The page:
Analog Devices, Inc. (ADI), a world leader in semiconductors for high-performance signal processing applications, appointed senior engineer Peter Hurrell to the role of Analog Devices Fellow, a distinguished technical position awarded to engineers who contribute significantly to the company’s business success through exceptional innovation, leadership, entrepreneurship and an unparalleled ability to bridge organisations and mentor others within the company. In addition to their business impact, Analog Devices Fellows serve as company ambassadors and are recognised as industry leaders in their fields of expertise.
Hurrell was among three engineers awarded this honour by Analog Devices’ Chairman and Co-founder Ray Stata during the company’s 2011 General Technical Conference this past March in Boston, Mass.
Analog Devices Chief Technology Officer Sam Fuller, who sponsors the program, said, “The awarding of Fellow appointments recognises those who have attained the highest level of achievement in our technical community. Peter embodies the Fellows selection criteria that Analog Devices established more than 30 years ago due to his conspicuous innovation, contribution to the company’s commercial success and willingness to serve as a role model for his peers. The next generation of Analog Devices engineers will stand on the shoulders of leaders such as Peter.”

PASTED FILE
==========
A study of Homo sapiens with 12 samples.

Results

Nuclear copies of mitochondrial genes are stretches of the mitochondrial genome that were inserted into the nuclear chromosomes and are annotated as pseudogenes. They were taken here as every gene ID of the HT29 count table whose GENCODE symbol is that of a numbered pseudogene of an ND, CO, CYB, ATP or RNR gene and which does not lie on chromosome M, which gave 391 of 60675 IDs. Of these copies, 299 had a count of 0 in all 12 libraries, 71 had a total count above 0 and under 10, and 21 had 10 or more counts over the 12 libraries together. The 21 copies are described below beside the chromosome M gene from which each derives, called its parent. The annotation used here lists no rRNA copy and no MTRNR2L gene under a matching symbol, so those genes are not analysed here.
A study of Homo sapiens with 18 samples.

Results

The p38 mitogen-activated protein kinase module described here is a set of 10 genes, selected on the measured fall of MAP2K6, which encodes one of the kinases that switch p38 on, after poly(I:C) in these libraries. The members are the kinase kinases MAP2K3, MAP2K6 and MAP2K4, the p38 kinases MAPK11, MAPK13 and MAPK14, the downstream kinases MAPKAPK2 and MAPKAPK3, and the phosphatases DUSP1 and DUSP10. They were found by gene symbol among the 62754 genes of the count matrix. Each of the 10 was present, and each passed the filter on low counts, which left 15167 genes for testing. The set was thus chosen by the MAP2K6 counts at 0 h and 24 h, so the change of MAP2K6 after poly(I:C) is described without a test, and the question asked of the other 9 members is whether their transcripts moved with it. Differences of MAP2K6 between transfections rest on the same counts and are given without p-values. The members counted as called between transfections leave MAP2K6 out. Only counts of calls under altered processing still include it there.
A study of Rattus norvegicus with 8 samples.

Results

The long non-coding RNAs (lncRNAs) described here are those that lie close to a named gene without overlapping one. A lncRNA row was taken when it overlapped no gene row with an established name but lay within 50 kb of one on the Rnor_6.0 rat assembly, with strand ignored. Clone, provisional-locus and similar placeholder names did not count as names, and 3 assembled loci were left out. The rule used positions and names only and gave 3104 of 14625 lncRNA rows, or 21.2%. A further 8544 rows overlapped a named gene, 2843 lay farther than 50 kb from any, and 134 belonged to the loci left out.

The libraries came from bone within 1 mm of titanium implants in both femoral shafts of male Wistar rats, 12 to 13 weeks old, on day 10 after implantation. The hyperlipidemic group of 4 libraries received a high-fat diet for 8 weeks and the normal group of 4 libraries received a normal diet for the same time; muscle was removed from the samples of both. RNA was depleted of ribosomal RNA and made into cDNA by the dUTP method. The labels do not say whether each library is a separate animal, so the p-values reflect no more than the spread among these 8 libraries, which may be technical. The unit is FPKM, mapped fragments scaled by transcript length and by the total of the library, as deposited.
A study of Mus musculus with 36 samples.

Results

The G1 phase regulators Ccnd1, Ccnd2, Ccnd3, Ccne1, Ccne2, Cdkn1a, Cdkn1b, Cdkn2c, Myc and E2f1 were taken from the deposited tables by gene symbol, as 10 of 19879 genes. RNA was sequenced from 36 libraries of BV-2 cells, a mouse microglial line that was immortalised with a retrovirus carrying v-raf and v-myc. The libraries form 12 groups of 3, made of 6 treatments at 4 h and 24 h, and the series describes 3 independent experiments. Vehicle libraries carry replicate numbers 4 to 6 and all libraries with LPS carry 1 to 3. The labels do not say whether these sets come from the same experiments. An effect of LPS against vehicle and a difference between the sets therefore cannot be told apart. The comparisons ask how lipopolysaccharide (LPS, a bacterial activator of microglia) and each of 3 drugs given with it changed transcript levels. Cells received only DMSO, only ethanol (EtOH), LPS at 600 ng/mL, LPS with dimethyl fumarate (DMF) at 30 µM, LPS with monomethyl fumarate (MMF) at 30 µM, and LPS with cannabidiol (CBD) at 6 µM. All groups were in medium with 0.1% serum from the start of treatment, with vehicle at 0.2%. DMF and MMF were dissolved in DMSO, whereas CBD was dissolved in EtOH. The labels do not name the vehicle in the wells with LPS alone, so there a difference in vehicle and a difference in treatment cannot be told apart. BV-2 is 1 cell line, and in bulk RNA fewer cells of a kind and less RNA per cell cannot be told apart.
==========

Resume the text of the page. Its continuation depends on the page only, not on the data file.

Peter Hurrell joined Analog Devices’ Newbury Design Centre in Newbury, Berkshire, in 1986 as a senior engineer. Through rigorous engineering and innovation, he helped the company increase its leadership position in data conversion technologies. Hurrell holds 14 patents in key areas of data conversion technology, including SAR (successive-approximation register) and delta-sigma, with nine more patents pending.
Within Analog Devices and the data conversion technology field, Hurrell is highly regarded for his problem-solving skills, willingness to provide technical direction and commitment to mentoring. Hurrell holds a Bachelor of Engineering Science degree from Durham University in the U.K. and is a frequent speaker at engineering conferences, including the industry’s annual ISSCC (International Solid-State Circuits Conference). Hurrell resides in Maidenhead, Berkshire.